Bryan Simon, owner of Simon Landscape Company and the chair of the Milwaukee Green Corridor project, had a vision to utilize a Belgard Permeable Interlocking Concrete Pavement (PICP) system in the construction of a 15,000 square foot parking lot adjacent to the farmers’ market.
“Our mission is to educate and engage the public on how to be better stewards of the environment,” said Simon. “Using the Belgard PICP would allow us to not only build a quality parking lot, but also capture rainwater, which would filter downward into a storage reservoir to be used to irrigate portions of the farmers’ market.”
Water harvesting with a Belgard PICP system utilizes a free resource to reduce municipal water supply costs, while complying with regional stormwater management guidelines. The water can be held in a long-term storage reservoir or flow into a rain garden, and ultimately be used for irrigation, washing, or other non-potable applications.
In the past, Simon explained that landscape designers developed plans for shedding water from sites so it would not soak into the soil. The property owners then bought water for their lawns, trees and gardens. However, rain is optimal if it stays where it falls, seeping into the ground and watering the grass, plants and trees in that area. Impervious surfaces like buildings, parking lots and roads prevent rain from infiltrating back into the ground.
In contrast, Belgard PICP is fundamentally a large-scale infiltration gallery with a drivable surface course over top. The open graded base and subbase aggregates have approximately 32% and 40% open space respectively, providing for temporary water storage. Since these are the same aggregates used for railway tracks, they are more than capable of supporting vehicular loads.
While Simon was confident his idea of utilizing PICP was ideal for the parking lot and would ultimately save the organization money, the upfront cost of the project was more than the organization could afford. In addition, multiple municipal groups were involved, and the permeable pavers were a new concept to Milwaukee.
The parking lot land is owned by Milwaukee County and leased to the nonprofit Energy Exchange. The project was awarded a Milwaukee Metropolitan Sewer District (MMSD) Green Infrastructure Grant. Since the grant funds are not received until the project is completed, the City of Milwaukee’s DPW provided gap funding to pay for the materials and labor that was not donated. This funding was absolutely crucial in allowing the project to move forward on schedule. There were a number of moving parts and pieces and quite a few entities involved. However, all of the groups came together and worked fluidly. In addition, a number of organizations also made material and in-kind donations. Local nurseries supplied plants, Simon Landscape provided labor, and Belgard donated a portion of the pavers, which was crucial. The project would have never happened otherwise.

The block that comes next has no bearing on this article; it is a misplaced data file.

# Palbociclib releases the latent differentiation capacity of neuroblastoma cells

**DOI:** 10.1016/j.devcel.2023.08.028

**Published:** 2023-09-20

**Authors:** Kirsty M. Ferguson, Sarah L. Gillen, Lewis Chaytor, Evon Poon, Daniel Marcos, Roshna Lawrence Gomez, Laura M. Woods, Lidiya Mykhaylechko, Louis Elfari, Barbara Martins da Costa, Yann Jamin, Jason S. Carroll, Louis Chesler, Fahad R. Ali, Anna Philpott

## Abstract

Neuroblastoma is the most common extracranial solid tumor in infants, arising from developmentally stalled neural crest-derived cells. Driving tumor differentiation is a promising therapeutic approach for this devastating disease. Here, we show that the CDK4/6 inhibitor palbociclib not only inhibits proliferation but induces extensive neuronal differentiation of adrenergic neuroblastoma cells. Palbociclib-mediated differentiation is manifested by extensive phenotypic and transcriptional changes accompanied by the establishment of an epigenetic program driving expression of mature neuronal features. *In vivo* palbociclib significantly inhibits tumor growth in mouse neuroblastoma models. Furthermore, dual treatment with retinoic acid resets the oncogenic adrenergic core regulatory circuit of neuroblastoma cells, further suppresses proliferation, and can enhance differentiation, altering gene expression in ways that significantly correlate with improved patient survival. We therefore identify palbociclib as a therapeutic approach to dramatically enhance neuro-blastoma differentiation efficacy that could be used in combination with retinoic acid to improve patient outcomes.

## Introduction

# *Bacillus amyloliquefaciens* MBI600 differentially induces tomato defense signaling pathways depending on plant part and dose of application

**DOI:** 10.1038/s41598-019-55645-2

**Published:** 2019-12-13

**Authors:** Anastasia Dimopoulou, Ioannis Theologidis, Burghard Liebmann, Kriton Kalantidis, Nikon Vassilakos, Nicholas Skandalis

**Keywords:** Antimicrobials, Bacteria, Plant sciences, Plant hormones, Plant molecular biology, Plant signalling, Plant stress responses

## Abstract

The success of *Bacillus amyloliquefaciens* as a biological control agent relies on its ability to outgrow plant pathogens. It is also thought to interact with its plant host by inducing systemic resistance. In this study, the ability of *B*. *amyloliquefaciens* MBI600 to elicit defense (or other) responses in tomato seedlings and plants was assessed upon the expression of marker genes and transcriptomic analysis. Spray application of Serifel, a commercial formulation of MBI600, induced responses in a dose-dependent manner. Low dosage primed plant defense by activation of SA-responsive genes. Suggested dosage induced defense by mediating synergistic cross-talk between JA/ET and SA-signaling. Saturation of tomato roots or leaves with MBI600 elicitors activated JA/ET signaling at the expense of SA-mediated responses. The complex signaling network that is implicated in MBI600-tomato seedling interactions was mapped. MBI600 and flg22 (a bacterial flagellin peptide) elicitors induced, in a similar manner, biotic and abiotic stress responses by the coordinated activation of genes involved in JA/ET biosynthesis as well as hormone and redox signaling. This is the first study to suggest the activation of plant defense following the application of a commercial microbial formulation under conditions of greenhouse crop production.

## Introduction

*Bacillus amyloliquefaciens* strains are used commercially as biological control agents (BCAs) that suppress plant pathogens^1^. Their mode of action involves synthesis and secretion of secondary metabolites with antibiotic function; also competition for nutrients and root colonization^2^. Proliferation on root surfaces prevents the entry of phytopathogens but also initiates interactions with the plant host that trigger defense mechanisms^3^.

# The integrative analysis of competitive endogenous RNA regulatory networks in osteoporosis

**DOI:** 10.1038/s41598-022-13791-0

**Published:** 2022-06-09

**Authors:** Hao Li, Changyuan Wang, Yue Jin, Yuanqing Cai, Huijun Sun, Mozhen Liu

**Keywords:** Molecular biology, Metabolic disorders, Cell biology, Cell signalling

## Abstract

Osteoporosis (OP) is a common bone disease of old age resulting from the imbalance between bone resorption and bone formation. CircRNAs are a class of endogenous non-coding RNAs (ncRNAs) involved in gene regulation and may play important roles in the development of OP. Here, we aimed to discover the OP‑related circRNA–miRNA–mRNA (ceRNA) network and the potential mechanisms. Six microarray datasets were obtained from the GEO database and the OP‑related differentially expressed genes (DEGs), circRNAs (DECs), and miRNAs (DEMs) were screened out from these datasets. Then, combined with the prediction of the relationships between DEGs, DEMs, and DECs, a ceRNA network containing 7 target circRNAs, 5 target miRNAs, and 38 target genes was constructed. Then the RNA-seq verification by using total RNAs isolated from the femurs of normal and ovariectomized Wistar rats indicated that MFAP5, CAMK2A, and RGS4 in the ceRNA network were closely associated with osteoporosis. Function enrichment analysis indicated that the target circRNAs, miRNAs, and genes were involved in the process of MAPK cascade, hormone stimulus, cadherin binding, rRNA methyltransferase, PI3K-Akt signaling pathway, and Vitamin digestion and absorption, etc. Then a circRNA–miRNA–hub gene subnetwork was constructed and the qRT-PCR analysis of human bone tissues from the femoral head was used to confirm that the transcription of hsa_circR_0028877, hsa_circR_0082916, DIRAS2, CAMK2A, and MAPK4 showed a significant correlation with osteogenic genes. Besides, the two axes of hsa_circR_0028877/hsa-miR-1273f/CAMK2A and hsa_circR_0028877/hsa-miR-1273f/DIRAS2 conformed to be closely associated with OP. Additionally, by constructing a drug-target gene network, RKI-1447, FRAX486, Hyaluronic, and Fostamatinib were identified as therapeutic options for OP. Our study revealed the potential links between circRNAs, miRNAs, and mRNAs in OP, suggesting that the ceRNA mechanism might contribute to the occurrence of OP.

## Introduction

Simon singled out a number of individuals who helped make the project a reality. Local Alderman, Terry Witkowski, was integral in designating the Green Corridor and opening the door to this project. Mayor Tom Barrett and his office embraced the PICP technology, not only in the Green Corridor, but also throughout the city and the district. Commission of Public Works Ghassan Korban approved the temporary funding, and the MMSD provided the major grant. Matt Howard, Director of Sustainability for the Office of Environmental Sustainability, and County Supervisor Jason Haas also played important roles in the project.
After funding was secured, the project team chose graphite colored Belgard Aqualine™ Series L-shaped multi-cobble permeable paver. Economically sound and surpassing all EPA stormwater requirements, Aqualine delivers results in both cost-effectiveness and long-term durability in harsh climates, particularly those with extreme freeze/thaw cycles. Under the pavers, a two-foot storm storage was installed to capture the water and pipe it to a 10,000 gallon aqua block system. The water overflows into a storage reservoir to be used to irrigate the orchard and hoop houses adjacent to the farmers’ market. The most popular feature of the grounds, a babbling stream, is also fed by the harvested rainwater.
Multiple projects are on tap in the near future, including the 175,000 square foot Drexel Town Square, which is in construction over the dismantled Delphi automotive and aviation electronics plant. The Delphi site is considered a brownfield site, meaning the soil is contaminated and requires remediation. PCIP will be utilized in this project for its stormwater management capabilities and improvement of groundwater quality through filtration of total suspended solids.